Google Analytics and Google are pushing their new standard hard. Soon all accounts will be required to use Universal Analytics instead of the older implementation technologies.
With Universal Analytics, users benefit from new technology and tracking features. Its best advertised feature is User ID which allows to “Connect multiple devices, sessions, and engagement data (…).”
In short User ID lets you more accurately track various sessions to one user. It’s not hard to see that this potentially makes the analytics data much more insightful. This is what Google itself is saying about the feature:
The User ID is a Universal Analytics feature that you can use to associate multiple sessions (and any activity within those sessions) with a unique ID. When you send an unique ID and any related engagement data to Google Analytics, all activity is attributed to one user in your reports. With the User ID, you can get a more accurate user count, analyze the signed-in user experience, and get access to the new Cross Device reports.
The User ID feature is built for use with the Universal Analytics technologies. All implementations must comply with the Google Analytics Measurement Protocol / SDK / User ID Policy. The Universal Analytics usage guidelines, and security & privacy principles also apply.
Let’s, therefore, dive in deeper.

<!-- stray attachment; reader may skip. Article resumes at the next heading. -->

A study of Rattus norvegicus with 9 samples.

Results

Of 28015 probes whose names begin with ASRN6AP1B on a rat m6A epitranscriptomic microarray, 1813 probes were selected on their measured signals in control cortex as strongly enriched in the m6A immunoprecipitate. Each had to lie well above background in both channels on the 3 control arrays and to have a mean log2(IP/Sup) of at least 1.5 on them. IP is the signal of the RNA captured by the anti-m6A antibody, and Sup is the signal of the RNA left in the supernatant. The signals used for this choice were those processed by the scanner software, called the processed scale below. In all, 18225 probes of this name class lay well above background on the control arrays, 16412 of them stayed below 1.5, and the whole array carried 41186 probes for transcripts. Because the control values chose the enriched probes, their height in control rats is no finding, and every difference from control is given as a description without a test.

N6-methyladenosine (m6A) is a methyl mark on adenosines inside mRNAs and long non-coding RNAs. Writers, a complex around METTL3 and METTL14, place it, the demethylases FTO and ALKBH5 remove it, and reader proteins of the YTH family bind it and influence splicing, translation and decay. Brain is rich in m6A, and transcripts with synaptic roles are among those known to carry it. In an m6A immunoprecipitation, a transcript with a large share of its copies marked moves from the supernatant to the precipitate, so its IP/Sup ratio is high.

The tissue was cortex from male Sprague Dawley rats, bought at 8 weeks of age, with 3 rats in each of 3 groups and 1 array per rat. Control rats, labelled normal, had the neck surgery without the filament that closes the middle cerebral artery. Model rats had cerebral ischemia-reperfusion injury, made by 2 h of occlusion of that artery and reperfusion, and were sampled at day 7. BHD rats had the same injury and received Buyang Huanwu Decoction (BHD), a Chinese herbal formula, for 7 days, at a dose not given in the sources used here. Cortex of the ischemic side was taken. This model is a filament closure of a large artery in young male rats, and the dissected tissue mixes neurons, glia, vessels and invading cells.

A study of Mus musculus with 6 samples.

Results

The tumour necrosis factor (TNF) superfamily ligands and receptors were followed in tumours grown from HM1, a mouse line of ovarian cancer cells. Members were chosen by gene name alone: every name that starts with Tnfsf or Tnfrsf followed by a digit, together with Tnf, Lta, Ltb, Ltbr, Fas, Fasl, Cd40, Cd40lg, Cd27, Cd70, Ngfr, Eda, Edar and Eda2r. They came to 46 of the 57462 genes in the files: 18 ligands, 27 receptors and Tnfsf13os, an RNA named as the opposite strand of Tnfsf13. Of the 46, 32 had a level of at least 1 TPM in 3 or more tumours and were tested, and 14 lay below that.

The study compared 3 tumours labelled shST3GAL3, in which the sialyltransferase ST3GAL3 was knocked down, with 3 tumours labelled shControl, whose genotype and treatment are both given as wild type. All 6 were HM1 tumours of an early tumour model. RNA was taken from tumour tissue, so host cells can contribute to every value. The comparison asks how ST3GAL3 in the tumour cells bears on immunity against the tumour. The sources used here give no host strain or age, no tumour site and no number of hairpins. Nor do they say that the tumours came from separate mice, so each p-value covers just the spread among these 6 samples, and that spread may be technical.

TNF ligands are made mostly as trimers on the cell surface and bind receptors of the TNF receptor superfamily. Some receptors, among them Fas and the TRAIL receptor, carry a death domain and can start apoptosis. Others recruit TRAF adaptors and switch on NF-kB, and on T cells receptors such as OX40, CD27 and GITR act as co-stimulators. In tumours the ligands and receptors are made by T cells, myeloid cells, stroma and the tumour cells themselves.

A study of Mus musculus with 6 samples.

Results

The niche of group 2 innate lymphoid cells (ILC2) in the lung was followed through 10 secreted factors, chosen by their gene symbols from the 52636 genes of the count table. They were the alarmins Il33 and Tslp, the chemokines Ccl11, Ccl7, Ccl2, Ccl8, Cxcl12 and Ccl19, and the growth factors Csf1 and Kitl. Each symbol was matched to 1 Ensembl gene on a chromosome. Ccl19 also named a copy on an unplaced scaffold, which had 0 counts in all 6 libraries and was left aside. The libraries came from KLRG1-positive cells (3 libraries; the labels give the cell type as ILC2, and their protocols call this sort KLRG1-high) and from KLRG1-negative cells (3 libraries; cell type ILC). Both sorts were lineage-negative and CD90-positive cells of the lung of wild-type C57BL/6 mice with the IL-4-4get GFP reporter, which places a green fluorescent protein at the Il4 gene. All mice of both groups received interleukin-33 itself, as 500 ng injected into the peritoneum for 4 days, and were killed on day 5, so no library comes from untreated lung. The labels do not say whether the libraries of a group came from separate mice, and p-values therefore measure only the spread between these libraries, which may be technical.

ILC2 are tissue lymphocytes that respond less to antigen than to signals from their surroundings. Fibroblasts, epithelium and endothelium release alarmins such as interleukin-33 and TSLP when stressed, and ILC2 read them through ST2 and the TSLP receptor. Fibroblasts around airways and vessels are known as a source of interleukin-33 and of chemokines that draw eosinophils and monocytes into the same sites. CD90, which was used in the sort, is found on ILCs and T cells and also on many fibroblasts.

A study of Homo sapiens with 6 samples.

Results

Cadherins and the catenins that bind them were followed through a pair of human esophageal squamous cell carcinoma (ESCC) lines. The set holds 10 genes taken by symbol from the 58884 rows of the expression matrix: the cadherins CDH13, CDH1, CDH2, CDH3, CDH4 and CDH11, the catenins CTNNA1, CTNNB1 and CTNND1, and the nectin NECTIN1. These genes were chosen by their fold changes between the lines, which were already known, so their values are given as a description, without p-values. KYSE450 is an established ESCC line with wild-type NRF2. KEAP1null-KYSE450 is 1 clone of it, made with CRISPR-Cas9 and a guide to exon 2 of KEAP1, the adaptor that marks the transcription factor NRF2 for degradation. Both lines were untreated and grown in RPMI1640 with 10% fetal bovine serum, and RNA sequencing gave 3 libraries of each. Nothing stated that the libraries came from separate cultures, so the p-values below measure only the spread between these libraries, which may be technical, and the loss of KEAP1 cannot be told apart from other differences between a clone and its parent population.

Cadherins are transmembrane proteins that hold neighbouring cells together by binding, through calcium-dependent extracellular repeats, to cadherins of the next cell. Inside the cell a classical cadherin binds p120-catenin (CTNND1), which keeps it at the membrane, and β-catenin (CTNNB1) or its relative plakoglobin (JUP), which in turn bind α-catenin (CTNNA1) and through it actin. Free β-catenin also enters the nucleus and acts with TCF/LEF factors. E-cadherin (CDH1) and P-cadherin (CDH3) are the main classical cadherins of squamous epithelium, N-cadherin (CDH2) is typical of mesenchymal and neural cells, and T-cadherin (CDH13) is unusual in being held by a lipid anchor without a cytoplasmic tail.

Here are Google’s requirements from the Measurement Protocol:
- You will give your end users proper notice about the implementations and features of Google Analytics you use (e.g. notice about what data you will collect via Google Analytics, and whether this data can be connected to other data you have about the end user). You will either get consent from your end users, or provide them with the opportunity to opt-out from the implementations and features you use.
- If you use an SDK to implement any Google Analytics Advertising Features, such as Audience Reporting or Remarketing, you will abide by the Policy for Google Analytics Advertising Features, in addition to the Google Play Developer Program Policies , or any other applicable policy.
Let’s dive in right away:
Let your users know about these Google Analytics features, and give them proper notice about your implementation changes. Get consent or provide an opportunity to opt-out of your services.
When you implement Universal Analytics, it is your responsibility to ensure that your use is legally compliant, including with any local or regional requirements for specific notification to users.
Here’s an outtake:
(…) In case you use a service that has implemented the Measurement Protocol, please check the notice given and choice offered by this service directly with the Google Analytics customer using such service, as the opt-out directly provided by Google Analytics does not affect data reported through the Measurement Protocol.